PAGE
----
Scripting Refactoring — Overthrowing the GUI

This post was imported from blogger, to see the original, likely better-formatted post see kalebpederson.blogspot.com.


Introducing Element Identification

Consider now the Rename refactoring when applied in a batch. In order to apply the Rename refactoring, I first need to be able to unambiguously identify the element being renamed, be it a class, method, variable, etc. Let’s entertain for a moment the following notation

[Member::[Member::[Member::...]]]Member

This notation could be used to identify:

  • a namespace at any level (e.g., MyNamespace, Namespace1::Namespace2)
  • a class within a namespace (e.g., MyNamespace::MyClass, SomeClass)
  • a member of a class (e.g., AClass::someVar, ANamespace::MyClass::a)

Although this syntax resembles the C++ scoping syntax, it is important to notethat it is ambiguous. Given the search query, Something::someMember, determining whether Something is a class, struct, or namespace is impossible. Similarly, someMember could be a class within a namespace, a class or struct within a namespace, or a member variable within a class or struct.

Overcoming Ambiguity

Since we need to constrain how we select elements, lets extend our syntax a bit by adding an optional { TYPE_LITERAL } constraint to each member:

[Member[{TYPE}]::...]Member[{TYPE}]

More cases can now be handled well:

  • Something{namespace}::someMember{class}
  • Something{class}::someMember{method}
  • Something{method}::someMember{variable}
  • Something{namespace}::Something{class}::someMember{method}

But… we’re still ambiguous. Consider the following code:

void doSomething() {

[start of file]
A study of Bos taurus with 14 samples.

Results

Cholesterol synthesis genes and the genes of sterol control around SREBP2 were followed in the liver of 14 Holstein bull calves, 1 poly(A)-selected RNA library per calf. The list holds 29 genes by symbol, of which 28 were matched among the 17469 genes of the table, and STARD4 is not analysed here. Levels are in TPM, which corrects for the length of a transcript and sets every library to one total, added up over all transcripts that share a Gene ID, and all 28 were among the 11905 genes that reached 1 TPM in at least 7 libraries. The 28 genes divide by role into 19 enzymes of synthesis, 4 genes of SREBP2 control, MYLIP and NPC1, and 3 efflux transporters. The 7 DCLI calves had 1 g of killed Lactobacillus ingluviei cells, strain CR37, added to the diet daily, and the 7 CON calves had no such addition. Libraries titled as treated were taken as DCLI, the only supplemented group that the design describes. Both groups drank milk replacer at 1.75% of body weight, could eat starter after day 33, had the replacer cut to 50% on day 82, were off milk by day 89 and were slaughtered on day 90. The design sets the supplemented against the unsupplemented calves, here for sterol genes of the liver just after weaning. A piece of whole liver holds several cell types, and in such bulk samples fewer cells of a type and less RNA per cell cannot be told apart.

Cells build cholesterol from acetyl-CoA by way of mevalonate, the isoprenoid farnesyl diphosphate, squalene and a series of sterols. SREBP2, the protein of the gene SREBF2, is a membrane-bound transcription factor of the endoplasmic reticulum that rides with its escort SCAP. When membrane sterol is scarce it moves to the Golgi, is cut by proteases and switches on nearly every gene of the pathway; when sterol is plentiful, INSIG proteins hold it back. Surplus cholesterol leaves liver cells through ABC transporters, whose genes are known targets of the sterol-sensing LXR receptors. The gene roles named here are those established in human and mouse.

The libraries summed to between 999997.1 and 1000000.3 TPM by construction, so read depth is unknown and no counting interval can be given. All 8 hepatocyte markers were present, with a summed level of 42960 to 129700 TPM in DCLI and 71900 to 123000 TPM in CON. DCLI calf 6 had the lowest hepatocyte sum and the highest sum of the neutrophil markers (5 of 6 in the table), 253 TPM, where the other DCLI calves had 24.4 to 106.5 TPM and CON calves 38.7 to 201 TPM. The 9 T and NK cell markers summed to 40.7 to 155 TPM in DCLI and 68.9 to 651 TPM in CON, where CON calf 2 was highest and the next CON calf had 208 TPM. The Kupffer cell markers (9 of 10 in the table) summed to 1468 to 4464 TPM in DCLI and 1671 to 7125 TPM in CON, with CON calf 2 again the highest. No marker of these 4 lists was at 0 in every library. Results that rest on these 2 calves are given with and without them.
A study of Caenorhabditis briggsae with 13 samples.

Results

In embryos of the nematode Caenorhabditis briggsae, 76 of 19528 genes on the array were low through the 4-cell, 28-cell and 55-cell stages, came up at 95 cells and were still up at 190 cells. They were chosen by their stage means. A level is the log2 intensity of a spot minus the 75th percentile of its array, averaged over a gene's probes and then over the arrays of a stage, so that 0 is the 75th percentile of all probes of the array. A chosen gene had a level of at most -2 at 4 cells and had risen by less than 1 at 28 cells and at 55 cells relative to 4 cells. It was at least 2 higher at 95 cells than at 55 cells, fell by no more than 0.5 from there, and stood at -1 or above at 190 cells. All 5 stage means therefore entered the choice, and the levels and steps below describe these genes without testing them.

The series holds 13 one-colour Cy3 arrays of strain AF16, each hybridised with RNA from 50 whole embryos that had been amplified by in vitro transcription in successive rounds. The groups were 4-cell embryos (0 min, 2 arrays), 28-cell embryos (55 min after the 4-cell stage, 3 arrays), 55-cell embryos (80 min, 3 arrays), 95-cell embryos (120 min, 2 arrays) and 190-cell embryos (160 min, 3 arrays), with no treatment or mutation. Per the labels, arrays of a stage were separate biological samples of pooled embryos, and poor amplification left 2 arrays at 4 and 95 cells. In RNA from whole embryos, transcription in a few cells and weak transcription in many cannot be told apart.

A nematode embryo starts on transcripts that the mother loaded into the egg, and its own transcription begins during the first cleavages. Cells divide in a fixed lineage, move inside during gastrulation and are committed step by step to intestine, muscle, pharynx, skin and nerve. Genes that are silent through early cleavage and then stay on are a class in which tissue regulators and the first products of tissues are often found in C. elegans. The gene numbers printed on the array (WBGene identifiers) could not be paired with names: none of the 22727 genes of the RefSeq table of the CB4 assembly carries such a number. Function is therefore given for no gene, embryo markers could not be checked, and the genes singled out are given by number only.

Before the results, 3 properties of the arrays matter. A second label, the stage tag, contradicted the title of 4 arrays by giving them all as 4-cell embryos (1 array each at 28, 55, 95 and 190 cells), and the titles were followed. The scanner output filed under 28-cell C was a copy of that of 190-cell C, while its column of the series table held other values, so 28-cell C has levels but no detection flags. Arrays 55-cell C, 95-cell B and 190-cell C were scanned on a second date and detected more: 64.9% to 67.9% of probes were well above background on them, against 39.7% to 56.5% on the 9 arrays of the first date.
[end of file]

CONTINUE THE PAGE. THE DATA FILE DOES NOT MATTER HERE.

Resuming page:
for (int i=0; i<10; ++i) { /* ... */ }
/* ... more code here ... */
for (int i=0; i<15; ++i) { /* ... */ }
}

Staying Useful

In the above code we have two different counter variables with a name of i. Does that mean it’s pointless to try to support batch refactorings or to try to constrain elements in a refactoring scripting language? No.

Regular expressions don’t allow everything to be queried, yet they’re still useful. Even after adding positive or negative lookahead (or lookbehind) assertions, they’re still limited. Yet, at the same time, they handle a few more cases and become more generally useful.

The same thing should be able to happen for (most) programming languages. It’s possible to create a scripting language, or syntax, that will allow us to easily identify most syntactic elements within a programming language. Perhaps this refactoring scripting language could leverage the BNF that defines the programming language, or perhaps there’s even something better. Either way, we’re one step closer to overthrowing the GUI and enabling bulk and scriptable refactorings.

Yet more excerpts and discussion from my thesis to come.